We live in a world ever more connected and surveilled thanks to digital technologies: the Internet, the world wide web, personal computing, mobile computing, cloud computing, social media, and more. The ability to create, share, and communicate with the others is governed by the combination of both laws and technologies. The Free Culture Movement questions and challenges how technology and law affect who has access to, representation through, and protection within the exchange of cultural works. What dangers lie in private ownership over technology, media, and ideas as it concentrates control over those resources?
The mission of the Free Culture Foundation is to bring an end to the subjugation enabled by private ownership over media, ideas, and technology.
We work to bridge, disrupt, and destabilize the legal and technological digital divides between listener and musician, viewer and producer, reader and author, user and hacker. We strive to empower those exploited through these systems by supporting local and student chapters, providing educational resources, organizing direct action campaigns, and sponsoring select initiatives, projects, and events.
We work on targeted campaigns, public education, and policy advocacy in areas including:
- Promote the advancement free software, free formats, & free cultural works
- Raise critical consciousness around technology, media, and intellectual property
- Campaign and defend against significant technological and legal threats to privacy and autonomy
- Network within the free culture movement and build coalitions with other anti-oppression groups
- Organize the development of high-priority projects that support our mission
Depending upon its vantage point, the law can either empower or disable creativity, while also having a powerful impact on who actually receives access to and protection within the marketplace of cultural products. Further, as these examples might suggest, propertizing expression benefits some authors and artists, often within the mainstream, sometimes at the cost of chilling other types of artistic expression and commentary, often from “outsider” groups like women, people of color, and sexual minorities. Ignoring this result matters. If we construe a marketplace of copyrighted cultural products as akin to, or at least reflective of, the rich diversity of the marketplace of ideas itself, then the denial of the privileges of authorship to some suggests that we are missing an important and illuminating facet of the relationships between production, representation, and consumption within copyright law.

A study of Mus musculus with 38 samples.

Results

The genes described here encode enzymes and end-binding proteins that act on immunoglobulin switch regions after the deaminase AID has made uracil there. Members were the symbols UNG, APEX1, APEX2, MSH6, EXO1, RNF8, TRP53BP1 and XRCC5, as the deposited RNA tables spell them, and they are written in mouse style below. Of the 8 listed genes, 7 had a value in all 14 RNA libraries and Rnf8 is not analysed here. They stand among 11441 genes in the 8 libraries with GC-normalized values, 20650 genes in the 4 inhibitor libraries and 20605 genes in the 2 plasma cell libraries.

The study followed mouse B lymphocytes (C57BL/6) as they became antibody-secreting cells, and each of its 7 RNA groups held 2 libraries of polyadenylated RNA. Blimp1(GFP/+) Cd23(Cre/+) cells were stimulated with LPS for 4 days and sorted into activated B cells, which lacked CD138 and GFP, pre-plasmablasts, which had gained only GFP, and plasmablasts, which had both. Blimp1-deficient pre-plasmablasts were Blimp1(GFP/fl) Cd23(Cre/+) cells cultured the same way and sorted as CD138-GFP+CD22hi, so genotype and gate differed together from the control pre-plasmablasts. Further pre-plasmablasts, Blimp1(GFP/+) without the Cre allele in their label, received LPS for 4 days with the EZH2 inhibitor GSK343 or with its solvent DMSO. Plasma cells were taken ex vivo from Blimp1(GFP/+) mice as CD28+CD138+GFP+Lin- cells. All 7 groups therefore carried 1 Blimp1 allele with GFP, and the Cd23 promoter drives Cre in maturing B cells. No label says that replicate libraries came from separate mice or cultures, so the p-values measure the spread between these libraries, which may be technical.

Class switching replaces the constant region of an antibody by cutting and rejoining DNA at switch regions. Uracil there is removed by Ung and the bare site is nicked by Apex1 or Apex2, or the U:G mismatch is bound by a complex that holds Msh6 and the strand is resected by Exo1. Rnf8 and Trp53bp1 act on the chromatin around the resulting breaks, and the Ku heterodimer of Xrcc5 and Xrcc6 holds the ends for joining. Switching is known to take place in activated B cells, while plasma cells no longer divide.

— Sonia Katyal, “Performance, Property, and the Slashing of Gender in Fan Fiction”
The range of Western beliefs that define intellectual and cultural property laws—that ideas can easily be separated from expressions, that expressions are the singular products of the individual minds of Romantic authors, and that these expressive works can be abstracted from the meaningful worlds in which they figure to circulate as the signs of unique personality, and that these expressive works can be abstracted from the meaningful worlds in which they figure to circulate as the signs of unique personality, that cultures have essences embodied in objects that represent unbroken traditions—are not universal values that express the full range of human possibility, but particular, interested fictions emergent from a history of colonialism that has disempowered most of the peoples on this planet.
— Rosemary Coombe, “The Properties of Culture and the Politics of Possessing Identity: Native Claims in the Cultural Appropriation Controversy.”